WASHINGTON -- The main Obamacare websites have been so riddled with problems, they are casting a shadow over the Affordable Care Act launch.
With thousands of people unable to navigate the sites, the technical glitches could well create serious problems for the federal health system itself.
Grace-Marie Turner, who heads the Galen Institute, a non-profit organization that focuses on creating a better health care system, said President Barack Obama has lost credibility.
"I think the president has lost enormous credibility because he told people the day before it launched this is going to be just as easy as shopping for an airplane ticket or shopping on Amazon," Turner told CBN News.
According to Turner, the test period before the big launch showed these major issues were likely to happen.
"They did a test with just a few hundred people around the country going onto the site at the same time a few days before it launched, and it crashed the site," she said.
"What about the 20 million people who've tried to get on the site since then? They had to know this was not going to work. They went ahead with it anyway," she said.
All the problems have spawned headlines about CGI Federal, the firm at the center of building the websites.
It turns out CGI Federal's parent company lost a $46 million contract last year with Ontario, Canada, after missing deadlines to set up its Internet medical registry for three years.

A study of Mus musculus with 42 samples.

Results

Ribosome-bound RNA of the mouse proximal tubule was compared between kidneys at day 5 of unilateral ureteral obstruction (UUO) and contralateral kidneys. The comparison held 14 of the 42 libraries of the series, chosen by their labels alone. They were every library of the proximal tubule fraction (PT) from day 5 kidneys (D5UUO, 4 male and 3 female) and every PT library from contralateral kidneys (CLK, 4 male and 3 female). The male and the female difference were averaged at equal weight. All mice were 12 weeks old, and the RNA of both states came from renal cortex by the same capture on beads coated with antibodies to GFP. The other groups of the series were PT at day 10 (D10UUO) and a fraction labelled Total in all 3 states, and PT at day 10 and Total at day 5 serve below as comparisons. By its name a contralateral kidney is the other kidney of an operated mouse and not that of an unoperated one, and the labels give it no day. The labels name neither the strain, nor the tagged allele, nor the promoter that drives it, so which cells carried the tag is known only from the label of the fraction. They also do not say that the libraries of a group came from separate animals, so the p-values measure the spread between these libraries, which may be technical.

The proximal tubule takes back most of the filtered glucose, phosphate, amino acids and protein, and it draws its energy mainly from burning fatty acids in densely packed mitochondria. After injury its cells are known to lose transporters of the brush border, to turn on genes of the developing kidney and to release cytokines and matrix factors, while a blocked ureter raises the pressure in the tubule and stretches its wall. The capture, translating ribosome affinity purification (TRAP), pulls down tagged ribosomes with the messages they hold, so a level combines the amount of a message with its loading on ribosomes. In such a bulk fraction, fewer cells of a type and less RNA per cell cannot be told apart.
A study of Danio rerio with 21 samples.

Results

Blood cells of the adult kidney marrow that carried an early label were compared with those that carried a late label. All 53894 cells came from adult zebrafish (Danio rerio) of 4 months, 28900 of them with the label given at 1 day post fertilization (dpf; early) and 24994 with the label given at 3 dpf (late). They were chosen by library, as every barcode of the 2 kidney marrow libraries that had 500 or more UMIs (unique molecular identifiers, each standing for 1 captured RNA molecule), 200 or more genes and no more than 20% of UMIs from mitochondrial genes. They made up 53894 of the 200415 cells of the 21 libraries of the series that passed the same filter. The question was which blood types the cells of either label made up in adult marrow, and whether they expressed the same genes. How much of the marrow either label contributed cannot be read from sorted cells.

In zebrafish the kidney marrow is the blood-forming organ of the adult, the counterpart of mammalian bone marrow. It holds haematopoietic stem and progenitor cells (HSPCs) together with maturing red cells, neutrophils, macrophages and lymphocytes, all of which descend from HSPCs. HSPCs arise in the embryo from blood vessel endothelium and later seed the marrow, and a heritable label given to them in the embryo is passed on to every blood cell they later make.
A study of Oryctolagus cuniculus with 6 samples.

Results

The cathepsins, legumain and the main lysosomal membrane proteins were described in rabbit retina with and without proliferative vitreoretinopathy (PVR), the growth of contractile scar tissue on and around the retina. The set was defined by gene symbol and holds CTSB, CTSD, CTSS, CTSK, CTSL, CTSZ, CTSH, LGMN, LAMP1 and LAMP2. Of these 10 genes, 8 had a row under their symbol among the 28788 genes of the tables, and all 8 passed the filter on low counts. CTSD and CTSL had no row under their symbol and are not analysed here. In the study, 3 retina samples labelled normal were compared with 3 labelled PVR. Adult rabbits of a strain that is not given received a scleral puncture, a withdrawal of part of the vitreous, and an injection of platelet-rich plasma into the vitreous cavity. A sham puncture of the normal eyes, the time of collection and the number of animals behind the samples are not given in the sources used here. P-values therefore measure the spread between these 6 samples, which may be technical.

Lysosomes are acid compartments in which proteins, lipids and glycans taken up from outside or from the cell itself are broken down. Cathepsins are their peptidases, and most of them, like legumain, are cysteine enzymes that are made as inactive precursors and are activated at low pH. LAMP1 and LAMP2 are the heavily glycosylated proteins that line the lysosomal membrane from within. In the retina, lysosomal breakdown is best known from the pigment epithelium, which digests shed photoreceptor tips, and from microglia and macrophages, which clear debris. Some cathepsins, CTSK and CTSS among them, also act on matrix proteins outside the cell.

"They weren't able to meet guidelines to have a product up and running that physicians can use," a Canadian official told The Washington Examiner. "It dragged on and on."
U.S officials, meanwhile, gave contracts totaling $87 million to CGI Group's subsidiary, CGI Federal, to get the Affordable Care websites up and running.
These officials won't say if they knew of CGI's embarrassing Canadian troubles when they handed out or were administering the contracts.
"Health and Human Services Department decided it [CGI Federal] was going to be the lead contractor without the expertise to run something that is probably the most complicated website that's ever been created. No wonder it's a failure," Turner said. "And I think it's going to be very difficult to fix this."
But CGI has had its successes, too, including on complicated software for government agencies.
Indeed, a big part of the problem with the Obamacare websites may well be the government itself.
The Washington Post reports that the Department of Health and Human Services took years to lay out the final specifications for the system so CGI couldn't really get started on the websites until this spring. And the government may have grossly underestimated the costs.
On top of that, more than 50 other companies were working on the project. Getting all that software to work together is very difficult, even when a project isn't rushing to meet a deadline.
So while no one is sure what went wrong, there appears to be plenty of blame to go around -- from the software companies to the government -- which may not have given those businesses enough time or money to get the job done right.
And that already has some critics asking this question: If the government can't handle setting up the website correctly, how will it handle all the medical aspects of Obamacare itself?